Patterns of Disruption
Anticipating disruptive strategies in a world of unicorns, black swans, and exponentials
Established industry incumbents perpetually face the risk of being disrupted by new entrants using new technologies, business models, or approaches to capture marketplace leadership. Are there ways for incumbents to recognize the potential for disruptive strategy in advance?
The first of a two-part series, this article takes an incumbent’s point of view to understand what turns a new technology or new approach into something cataclysmic to the marketplace—and to incumbents’ businesses. Why are these developments hard to see coming, and why are they difficult to respond to effectively? In search of patterns, it looked far and wide across arenas as varied as voice-over-IP, furniture manufacturing, fantasy sports, and travel guides. The authors analyzed dozens of cases from the past 20 years, including some favorite “unicorns”—the unprecedented pool of tech start-ups with funding-based valuations of $1 billion or higher—to home in on the specific ways threats manifest in a world rapidly becoming digital. They also considered how the next wave of exponentials (including the Internet of Things, 3D printing, and Blockchain) might fit this dynamic. They looked for cases where a leading incumbent had been displaced from its market—either by being marginalized within an existing market or by failing to capture enough of a growing market—and tried to identify what they might have seen coming if they’d known where to look and what to look for.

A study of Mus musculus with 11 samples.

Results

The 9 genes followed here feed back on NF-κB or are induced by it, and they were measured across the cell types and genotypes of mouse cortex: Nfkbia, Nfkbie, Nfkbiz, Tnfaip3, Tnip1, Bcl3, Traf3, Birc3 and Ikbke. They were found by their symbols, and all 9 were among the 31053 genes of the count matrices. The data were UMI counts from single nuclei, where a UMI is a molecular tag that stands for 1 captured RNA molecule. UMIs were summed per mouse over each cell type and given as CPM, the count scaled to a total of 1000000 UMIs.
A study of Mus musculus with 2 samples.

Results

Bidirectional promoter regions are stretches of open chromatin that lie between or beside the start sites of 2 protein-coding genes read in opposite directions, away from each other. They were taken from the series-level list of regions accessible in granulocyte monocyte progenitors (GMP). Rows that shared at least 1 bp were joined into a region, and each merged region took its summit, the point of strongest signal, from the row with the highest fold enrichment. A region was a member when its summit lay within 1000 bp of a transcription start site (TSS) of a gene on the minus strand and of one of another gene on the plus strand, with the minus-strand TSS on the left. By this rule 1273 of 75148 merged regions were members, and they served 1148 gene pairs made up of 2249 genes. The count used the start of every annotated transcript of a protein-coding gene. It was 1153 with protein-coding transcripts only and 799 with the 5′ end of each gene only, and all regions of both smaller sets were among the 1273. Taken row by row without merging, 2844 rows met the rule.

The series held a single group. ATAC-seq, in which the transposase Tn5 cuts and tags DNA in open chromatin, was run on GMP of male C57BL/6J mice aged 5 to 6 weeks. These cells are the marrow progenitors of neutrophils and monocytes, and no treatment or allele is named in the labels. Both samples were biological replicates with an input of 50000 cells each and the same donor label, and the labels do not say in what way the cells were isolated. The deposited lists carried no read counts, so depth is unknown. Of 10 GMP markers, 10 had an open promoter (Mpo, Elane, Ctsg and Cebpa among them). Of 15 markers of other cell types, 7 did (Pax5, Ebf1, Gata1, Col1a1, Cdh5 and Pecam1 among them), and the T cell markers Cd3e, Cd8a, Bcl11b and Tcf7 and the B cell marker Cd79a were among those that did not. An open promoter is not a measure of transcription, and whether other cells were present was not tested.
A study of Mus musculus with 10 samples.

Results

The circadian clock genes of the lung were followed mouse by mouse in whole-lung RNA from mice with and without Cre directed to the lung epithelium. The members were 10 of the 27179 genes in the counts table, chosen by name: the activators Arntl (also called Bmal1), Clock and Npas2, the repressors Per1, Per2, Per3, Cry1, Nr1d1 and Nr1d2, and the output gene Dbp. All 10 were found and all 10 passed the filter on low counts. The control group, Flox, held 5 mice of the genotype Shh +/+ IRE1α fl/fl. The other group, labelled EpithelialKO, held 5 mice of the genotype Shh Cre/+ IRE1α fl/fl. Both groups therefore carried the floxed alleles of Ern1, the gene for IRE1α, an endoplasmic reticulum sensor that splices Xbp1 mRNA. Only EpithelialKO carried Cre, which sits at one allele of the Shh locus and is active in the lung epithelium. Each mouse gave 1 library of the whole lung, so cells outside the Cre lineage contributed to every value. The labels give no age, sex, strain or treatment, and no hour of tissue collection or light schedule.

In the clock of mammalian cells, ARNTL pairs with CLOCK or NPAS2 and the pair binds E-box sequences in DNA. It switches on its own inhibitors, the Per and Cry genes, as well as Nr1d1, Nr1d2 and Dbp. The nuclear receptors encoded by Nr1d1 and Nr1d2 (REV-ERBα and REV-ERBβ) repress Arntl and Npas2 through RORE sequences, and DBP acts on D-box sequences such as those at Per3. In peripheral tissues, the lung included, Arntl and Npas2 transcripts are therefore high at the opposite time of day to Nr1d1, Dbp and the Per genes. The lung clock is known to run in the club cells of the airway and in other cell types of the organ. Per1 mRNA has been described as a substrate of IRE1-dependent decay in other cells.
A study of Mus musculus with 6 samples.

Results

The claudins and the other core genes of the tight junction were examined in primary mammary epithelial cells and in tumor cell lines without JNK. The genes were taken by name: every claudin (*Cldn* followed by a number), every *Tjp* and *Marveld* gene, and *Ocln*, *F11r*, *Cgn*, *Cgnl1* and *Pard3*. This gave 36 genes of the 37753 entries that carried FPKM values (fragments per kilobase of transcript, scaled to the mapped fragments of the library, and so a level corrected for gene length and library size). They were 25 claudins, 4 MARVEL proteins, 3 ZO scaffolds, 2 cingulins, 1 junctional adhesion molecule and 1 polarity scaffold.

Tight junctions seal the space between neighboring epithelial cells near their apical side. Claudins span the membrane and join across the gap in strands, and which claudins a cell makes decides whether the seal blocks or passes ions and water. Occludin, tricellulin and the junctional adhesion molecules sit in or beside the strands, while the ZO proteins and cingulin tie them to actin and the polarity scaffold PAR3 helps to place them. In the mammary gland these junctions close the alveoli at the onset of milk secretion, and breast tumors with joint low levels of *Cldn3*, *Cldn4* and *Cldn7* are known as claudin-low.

What the authors identified are nine patterns of disruption. These patterns are more than “one-off” occurrences, but they also are not universal forces; they are disruptions that will likely occur in more than one market but not in all markets. Each delivers new value through a new approach subject to a set of market conditions. Each brings its own challenges for the incumbent. These nine patterns can’t describe every possible challenge a business will encounter, but, individually and in tandem, they do help make sense of the changing environment and competitive dynamics that many companies are experiencing.
So how can incumbents avert disaster?
- First, see it coming:
- Understand the shape new threats are likely to assume (patterns of disruption);
- understand what particular disruptive strategies your market is most vulnerable to; and
- understand what will act as catalysts for those threats.
- Armed with this understanding, you can start asking the right questions of your business and the world around you to not only anticipate changes but make the “unexpected” expected—to begin making the choices and taking the actions needed to control your destiny and see the opportunity on the flip side of the threat.
If you need to look at change in your world, understanding these patterns is a great place to start.